Piers of Sussex

What has St. Leonards lost which Brighton, Eastbourne, Worthing, Bognor, Hastings and Littlehampton each still has? Clue: Brighton had three and now has one and a bit. I’m talking about piers of course.

Sussex can’t claim to have had the first pier (that’s Ryde Pier on the Isle of Wight) but it probably did have the first to be used as a fashionable promenade (Brighton’s Royal Chain Pier). It shames to say that of the piers outside Brighton, I’m only familiar with Worthing’s just because it has a variety of Art Deco elements which I adore.

The Royal Chain Pier opened in 1823 as a landing stage but quickly became a popular place for the wealthy to stroll. What must have been an amazing spectacle, the Brighton & Rottingdean Seashore Electric Railway, was completed in 1896 and soon afterwards used the Chain Pier as a terminus. Long legs raised its single car, Pioneer, high above the submerged track which led to the nickname ‘Daddy-long-legs’.  It was nearly finished off in 1896 by the same gale that destroyed the Chain Pier (and the Palace Pier during construction).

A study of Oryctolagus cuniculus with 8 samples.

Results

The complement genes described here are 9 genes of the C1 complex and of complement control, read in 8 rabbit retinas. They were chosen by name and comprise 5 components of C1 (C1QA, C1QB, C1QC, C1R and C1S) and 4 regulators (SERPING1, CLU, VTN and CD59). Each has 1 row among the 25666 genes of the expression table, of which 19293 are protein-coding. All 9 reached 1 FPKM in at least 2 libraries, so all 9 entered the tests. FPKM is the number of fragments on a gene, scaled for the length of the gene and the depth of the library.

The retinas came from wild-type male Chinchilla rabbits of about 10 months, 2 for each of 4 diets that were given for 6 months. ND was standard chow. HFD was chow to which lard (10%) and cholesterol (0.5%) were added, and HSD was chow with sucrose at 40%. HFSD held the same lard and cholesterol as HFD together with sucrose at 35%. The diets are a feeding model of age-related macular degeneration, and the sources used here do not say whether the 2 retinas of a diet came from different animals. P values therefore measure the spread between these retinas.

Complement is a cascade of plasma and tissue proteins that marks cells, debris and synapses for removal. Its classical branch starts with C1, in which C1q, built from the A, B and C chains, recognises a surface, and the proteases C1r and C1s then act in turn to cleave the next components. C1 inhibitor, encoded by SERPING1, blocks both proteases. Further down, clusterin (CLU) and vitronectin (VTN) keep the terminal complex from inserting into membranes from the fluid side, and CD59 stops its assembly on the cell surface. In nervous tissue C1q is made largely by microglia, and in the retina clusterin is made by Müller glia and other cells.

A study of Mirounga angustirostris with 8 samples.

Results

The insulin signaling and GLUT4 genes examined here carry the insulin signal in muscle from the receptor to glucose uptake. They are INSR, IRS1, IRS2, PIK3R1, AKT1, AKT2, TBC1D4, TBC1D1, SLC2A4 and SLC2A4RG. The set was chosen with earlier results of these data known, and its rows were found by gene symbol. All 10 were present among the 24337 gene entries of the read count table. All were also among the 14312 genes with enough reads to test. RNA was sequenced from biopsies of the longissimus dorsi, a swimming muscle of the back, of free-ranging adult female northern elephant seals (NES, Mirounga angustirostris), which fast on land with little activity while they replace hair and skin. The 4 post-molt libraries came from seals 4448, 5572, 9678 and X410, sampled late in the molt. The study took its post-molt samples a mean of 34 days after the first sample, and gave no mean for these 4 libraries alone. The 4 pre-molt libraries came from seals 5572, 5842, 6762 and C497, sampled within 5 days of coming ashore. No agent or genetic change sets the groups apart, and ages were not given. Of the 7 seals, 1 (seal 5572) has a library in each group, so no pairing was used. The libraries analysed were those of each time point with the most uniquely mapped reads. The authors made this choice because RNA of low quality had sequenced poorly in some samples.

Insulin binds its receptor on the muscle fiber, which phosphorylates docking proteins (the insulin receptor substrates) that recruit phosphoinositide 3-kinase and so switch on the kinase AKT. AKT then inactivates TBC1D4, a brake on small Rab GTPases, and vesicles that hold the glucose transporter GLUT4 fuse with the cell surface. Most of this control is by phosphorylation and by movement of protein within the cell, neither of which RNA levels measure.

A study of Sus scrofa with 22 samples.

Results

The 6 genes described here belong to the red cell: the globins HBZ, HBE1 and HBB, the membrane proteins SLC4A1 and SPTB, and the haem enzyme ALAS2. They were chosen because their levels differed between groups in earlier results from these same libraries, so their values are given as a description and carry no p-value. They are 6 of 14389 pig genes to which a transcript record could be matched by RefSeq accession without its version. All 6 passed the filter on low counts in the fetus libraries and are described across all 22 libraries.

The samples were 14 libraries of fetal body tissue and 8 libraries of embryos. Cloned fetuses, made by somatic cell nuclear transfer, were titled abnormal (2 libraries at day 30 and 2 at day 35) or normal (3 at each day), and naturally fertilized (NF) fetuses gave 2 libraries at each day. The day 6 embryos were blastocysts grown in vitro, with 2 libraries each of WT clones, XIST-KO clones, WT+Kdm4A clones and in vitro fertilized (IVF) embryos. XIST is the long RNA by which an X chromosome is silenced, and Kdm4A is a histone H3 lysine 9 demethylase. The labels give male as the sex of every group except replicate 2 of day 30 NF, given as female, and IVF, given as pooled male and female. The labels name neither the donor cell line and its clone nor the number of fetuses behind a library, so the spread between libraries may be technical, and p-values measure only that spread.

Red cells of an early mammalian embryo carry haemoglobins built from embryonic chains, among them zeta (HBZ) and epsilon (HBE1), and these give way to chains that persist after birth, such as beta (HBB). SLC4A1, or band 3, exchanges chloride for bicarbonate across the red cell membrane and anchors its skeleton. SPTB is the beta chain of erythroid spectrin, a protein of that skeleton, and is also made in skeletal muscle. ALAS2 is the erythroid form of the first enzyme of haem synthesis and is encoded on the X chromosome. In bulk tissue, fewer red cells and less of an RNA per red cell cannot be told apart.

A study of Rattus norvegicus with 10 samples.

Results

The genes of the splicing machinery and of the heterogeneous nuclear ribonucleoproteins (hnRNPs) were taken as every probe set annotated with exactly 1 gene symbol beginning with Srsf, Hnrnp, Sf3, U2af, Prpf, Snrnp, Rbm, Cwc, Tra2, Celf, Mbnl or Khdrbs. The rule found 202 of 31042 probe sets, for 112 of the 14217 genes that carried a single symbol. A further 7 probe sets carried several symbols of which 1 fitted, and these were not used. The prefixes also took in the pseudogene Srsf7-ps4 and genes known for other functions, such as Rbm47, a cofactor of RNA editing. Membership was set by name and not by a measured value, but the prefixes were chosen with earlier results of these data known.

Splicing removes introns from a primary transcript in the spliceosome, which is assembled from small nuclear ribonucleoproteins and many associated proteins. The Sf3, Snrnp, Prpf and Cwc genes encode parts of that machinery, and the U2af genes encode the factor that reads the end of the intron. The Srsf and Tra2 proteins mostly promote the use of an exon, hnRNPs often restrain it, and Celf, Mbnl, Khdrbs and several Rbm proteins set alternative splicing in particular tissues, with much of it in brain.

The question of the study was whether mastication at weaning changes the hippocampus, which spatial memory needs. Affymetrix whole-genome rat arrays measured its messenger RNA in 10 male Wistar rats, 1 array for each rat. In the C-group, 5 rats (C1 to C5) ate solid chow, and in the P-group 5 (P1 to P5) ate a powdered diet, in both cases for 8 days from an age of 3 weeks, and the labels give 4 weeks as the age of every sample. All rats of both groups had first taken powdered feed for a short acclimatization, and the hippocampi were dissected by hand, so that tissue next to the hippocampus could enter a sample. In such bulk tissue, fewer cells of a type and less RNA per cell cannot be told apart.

The West Pier was designed by Eugenius Birch, that famous pier engineer, and opened in 1866. It went downhill from 1975 and is now little more than a twisted wreck in the sea. Its fate apparently lies with the success of the i360 viewing tower which should have been built months ago. On the upside, the Birdcage Bandstand nearby is close to completion following, again, years of neglect. The Palace Pier (now quite ridiculously named the Brighton Pier by its current shady owners) will always have a special place in my heart as the pier on which I lost my money on school trips down from London.

Martin Easdown’s Piers of Sussex was recently published and is, as one would hope given the fascinating subject matter, an excellent read. The book reminded me just how impressive our local piers are and how important it is that something is done about the West Pier.

Incidentally, St Leonards’ Pier was destroyed by fire in 1944; a common end for piers. Along with tales of construction and destruction, the book contains many fascinating – almost unimaginable – photographs. One shows Brighton with three piers simultaneously. Another shows the Graf Zeppelin eerily hovering over the West Pier in 1936.

Piers of Sussex is available from City Books on Western Road.